By Dan Bernstein —
CBSChicago.com senior columnist
(CBS) One phrase keeps appearing in discussions with Cubs fans about where they reside emotionally as we await the start of the 2017 MLB playoffs, and it’s “house money.”
Not being much of a gambler myself, I can’t say I’ve truly experienced the phenomenon, but it’s the giddy feeling of being up big and still risking the winnings and looking for more. The Cubs themselves may not have the option of declaring ultimate victory and walking out of the casino in this extended metaphor, but those otherwise connected to their fortunes may have already done so, in a way, whether they know it or not.
And that’s where the “house money” concept fails to capture adequately the difference between now and last year at this time, in that the 2016 World Series title won’t be taken away, isn’t at risk and can’t be. In the real world, even a big pile of gains on the house can evaporate in a blink, leaving the bettor back at the starting point of even or soon deep in the hole into unaffordable losses. That can’t occur in this scenario, because the championship and the entire experience are banked away safely, in no danger of somehow un-happening.
Those reaching for the term may be trying to describe what’s deeper and more permanent, however, and it’s something we’ve explored in this space before, the idea of Cubs fandom never being the same. It can’t be, of course, despite protestations to the contrary coming from those who seem to need desperation. This is all essentially different, in a way entirely expected and understandable.
That’s the trade-off for generational catharsis, the making good on a contract that gives one thing and takes away another.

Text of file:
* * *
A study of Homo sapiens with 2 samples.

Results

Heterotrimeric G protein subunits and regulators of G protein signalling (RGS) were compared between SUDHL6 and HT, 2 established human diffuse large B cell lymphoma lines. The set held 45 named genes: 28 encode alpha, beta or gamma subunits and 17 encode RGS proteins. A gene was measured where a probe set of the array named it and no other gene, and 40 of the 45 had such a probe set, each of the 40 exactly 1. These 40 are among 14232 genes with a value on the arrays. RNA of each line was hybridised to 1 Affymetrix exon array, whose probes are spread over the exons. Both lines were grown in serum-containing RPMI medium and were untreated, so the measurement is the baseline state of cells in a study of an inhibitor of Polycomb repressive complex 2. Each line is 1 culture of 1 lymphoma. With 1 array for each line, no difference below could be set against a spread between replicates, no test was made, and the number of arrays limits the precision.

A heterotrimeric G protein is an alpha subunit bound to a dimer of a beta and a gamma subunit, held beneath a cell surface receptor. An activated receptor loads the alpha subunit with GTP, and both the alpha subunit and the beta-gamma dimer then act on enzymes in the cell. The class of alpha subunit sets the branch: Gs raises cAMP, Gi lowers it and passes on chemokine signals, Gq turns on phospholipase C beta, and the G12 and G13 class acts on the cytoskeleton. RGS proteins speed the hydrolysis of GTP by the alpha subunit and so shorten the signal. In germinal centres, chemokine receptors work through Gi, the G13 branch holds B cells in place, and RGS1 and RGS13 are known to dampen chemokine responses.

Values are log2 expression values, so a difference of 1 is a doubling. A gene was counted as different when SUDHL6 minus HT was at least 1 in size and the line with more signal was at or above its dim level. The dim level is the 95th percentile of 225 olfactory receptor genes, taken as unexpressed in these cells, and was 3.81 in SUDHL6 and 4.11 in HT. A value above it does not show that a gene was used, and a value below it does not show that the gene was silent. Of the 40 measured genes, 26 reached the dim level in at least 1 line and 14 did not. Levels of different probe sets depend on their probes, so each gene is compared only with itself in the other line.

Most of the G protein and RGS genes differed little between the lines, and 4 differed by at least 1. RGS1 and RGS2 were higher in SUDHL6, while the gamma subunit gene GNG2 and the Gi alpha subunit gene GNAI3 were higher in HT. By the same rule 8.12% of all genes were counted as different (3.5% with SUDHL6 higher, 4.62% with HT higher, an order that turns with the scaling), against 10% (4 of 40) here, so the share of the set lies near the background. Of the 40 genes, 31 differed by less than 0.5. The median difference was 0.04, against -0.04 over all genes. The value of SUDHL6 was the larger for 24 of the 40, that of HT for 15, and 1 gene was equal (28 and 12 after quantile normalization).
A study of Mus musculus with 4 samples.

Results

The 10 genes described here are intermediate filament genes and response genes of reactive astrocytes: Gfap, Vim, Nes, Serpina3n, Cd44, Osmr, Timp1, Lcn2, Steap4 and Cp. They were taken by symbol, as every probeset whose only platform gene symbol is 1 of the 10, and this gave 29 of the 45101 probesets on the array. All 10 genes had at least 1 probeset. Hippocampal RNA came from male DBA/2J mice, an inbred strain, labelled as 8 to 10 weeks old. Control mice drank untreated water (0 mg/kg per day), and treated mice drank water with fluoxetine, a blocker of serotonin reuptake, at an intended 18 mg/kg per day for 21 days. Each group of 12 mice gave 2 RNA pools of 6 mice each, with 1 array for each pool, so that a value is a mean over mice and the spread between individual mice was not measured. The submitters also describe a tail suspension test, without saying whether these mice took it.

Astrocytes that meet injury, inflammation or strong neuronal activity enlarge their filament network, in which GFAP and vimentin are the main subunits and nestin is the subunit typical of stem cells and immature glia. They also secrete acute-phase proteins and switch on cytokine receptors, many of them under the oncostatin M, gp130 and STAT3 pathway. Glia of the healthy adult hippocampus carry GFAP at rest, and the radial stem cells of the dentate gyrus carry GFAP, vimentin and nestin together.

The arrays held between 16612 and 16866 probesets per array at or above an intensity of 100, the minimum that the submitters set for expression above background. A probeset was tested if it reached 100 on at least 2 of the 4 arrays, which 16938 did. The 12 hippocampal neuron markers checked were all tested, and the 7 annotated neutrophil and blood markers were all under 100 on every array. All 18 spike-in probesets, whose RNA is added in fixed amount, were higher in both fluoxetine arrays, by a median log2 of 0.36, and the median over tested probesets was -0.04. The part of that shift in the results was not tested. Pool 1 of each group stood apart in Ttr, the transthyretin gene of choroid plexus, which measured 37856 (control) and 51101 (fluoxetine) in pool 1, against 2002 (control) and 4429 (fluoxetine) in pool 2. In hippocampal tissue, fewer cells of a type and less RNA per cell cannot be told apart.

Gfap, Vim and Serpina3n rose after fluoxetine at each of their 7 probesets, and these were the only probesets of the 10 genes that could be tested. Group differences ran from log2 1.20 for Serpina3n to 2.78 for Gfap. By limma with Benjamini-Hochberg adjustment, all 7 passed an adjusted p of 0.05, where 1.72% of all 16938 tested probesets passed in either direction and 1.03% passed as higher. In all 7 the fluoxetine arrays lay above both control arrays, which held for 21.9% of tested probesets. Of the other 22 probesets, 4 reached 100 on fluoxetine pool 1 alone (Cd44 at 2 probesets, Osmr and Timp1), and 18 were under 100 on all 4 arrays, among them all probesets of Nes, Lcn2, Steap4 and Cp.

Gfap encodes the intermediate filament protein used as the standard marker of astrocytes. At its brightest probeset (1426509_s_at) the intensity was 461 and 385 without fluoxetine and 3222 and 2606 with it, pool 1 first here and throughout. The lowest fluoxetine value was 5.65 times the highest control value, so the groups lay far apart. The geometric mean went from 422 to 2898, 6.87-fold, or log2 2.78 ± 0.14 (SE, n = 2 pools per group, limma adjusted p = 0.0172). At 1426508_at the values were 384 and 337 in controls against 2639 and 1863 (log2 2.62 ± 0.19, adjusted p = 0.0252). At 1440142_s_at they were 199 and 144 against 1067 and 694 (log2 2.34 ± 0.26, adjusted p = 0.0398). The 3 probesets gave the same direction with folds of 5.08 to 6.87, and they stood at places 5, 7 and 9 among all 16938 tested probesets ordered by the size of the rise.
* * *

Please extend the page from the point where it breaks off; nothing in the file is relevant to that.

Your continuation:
A tinge of melancholy is palpable here this time around, even if many involved insist that every season is self-contained, its own journey to be savored and celebrated independently. That’s simply not true, and it has never been more evident than with this Cubs team that needed time well into the summer to find itself after a months-long party and roster remodeling. The various ring ceremonies alone carried up to the All-Star break, and the inescapable David Ross became a symbol of victory more than he has become a dancer or broadcaster.
Executives can believe such things and are tasked with approaching their jobs with that kind of rigor that treats each year as its own. Players can think that way, too, because every team is indeed a specific entity consisting of different people coming from new places, with others moved away. Those actually doing the work are insulated from these effects.
It all looks and sounds similar, as we will build to the Cubs’ playoff opener in Washington D.C. on Friday with the usual debates over lineups and the pitching rotation, watching video of batting practice, listening to concerns about down time and readiness and rust and checking injury updates. After six desultory, successful enough months, we’re here again.
But make no mistake that it’s uncharted territory for millions of people with years upon years of deep investment in these outcomes completely out of their control, unable to return to that perspective and identity to which so many clung. Those who filled the streets of the city and Grant Park, those compelled to make a pilgrimage to Wrigley Field, those scrawling messages in chalk on the bricks like worshipers at the Western Wall, craving tangible connection.
The truth is there may be another Cubs’ World Series win, and there could be several more, while there was really only ever one.